223 vs 5.56, these rounds are considered interchangeable by most shooters, but the truth is they’re not identical. Actually, there are wide variety of rounds that can be called either .223 or 5.56, but this discussion focuses on the two most popular cartridges, the .223 Remington and 5.56x45mm NATO.
The .223 Remington, also known as the .223 Rem, was first developed in 1962 as a civilian sporting cartridge built for the Remington 760 rifle. Two years later the .223 Rem was adopted by the United States Army after the ArmaLite AR-15 rifle was first deployed in combat as the M16A1. The M16 would eventually replace the M14 as the U.S. Military’s standard service weapon in 1969. The U.S. Army’s official name for the .223 Rem is the 5.56x45mm Ball, M193.
In 1954, the 7.62x51mm NATO cartridge became the first standard NATO rifle cartridge. In 1977, NATO agreed to choose a second, smaller cartridge as a replacement for the 7.62x51mm. A modified version of the .223 Rem was created by FN Herstal as the 5.56x45mm NATO, also known as the M855 by the United States Military.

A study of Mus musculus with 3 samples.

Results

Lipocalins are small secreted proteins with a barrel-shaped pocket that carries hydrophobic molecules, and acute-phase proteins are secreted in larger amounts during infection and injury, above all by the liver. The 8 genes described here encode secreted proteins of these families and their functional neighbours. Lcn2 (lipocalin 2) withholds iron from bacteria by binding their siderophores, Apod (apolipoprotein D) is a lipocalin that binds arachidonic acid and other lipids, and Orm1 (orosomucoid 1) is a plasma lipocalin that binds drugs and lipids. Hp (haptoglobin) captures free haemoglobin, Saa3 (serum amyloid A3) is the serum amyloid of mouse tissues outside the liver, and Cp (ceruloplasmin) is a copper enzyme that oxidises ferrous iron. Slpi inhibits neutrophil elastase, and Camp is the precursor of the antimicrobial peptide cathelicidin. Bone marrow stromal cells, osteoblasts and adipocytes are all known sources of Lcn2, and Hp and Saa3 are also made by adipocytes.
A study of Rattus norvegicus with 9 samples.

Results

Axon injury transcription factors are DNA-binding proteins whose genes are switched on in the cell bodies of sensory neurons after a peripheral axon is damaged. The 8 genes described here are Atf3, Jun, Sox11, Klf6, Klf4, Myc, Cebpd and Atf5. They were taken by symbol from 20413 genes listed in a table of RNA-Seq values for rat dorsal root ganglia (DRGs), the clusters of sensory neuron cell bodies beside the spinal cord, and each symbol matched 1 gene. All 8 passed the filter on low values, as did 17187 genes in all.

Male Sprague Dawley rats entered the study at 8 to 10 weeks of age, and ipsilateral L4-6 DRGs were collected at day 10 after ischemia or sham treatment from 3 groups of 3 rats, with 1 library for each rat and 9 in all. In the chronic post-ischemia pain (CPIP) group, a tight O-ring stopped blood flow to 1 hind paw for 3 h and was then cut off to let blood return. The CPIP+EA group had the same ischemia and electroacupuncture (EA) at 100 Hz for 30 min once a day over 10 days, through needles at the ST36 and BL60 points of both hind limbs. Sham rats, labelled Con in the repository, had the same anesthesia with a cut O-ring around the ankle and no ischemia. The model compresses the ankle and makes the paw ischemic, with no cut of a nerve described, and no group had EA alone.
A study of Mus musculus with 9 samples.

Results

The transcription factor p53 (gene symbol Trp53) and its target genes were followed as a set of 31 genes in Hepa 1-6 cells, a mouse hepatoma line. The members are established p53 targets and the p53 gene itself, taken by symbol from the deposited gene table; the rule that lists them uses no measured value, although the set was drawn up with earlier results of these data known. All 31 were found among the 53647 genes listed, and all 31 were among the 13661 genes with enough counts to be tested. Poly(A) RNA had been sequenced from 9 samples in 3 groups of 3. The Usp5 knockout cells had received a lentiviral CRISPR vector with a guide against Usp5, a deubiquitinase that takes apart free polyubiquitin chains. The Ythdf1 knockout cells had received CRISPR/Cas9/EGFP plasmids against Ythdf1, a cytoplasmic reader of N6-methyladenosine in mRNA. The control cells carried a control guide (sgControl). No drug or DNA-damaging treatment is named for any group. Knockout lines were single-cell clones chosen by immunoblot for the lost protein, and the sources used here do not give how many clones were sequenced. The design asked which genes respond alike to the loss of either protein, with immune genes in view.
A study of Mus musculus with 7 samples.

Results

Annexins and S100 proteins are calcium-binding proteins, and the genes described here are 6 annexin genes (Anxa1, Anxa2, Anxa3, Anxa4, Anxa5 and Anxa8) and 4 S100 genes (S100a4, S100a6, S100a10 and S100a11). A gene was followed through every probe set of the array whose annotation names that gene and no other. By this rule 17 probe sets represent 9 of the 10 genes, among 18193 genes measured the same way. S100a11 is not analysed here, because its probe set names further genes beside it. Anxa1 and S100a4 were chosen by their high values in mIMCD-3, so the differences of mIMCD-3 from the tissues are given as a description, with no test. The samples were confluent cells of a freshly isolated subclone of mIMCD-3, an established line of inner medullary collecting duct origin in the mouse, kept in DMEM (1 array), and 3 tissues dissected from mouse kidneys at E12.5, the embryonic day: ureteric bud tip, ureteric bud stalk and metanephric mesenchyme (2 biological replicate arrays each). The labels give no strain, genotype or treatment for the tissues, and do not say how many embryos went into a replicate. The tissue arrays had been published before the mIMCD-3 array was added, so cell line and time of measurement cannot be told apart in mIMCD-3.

The most notable difference between the 223 Rem and the 5.56 NATO are pressure and chamber dimensions.
SAAMI specifications for the .223 Rem were first submitted by Remington in 1964 using DuPont IMR Powder. The original pressure was listed as 52,000 psi, but this value was increased to the current pressure of 55,000 psi after IMR powder was replaced with Olin Ball powder.
Official NATO proofing guidelines require every cartridge to be proofed at 125% of max pressure before it can be certified for service issue.
The 5.56 x45mm chamber is larger than the chamber designed for .223 Rem.
According to the .223 Rem and .223 AI Cartridge Guide by AccurateShooter.com, a 5.56x45mm NATO cartridge should not be used in a .223 chamber. Doing so places the bullet in contact with the rifling and creates much higher pressure than the .223 chamber was designed to handle.
This danger is reiterated by the Lyman AR Reloading Handbook Reloading Manual which states, “Our data was developed using a SAAMI specification .223 Remington chamber pressure/test barrel and then fired through a Colt AR for velocities. This data therefore would be safe in all three types of chambers. If a load is worked up to a maximum level in a 5.56 NATO or Wylde chamber, it may produce high pressure if fired in a .223 Remington chamber.”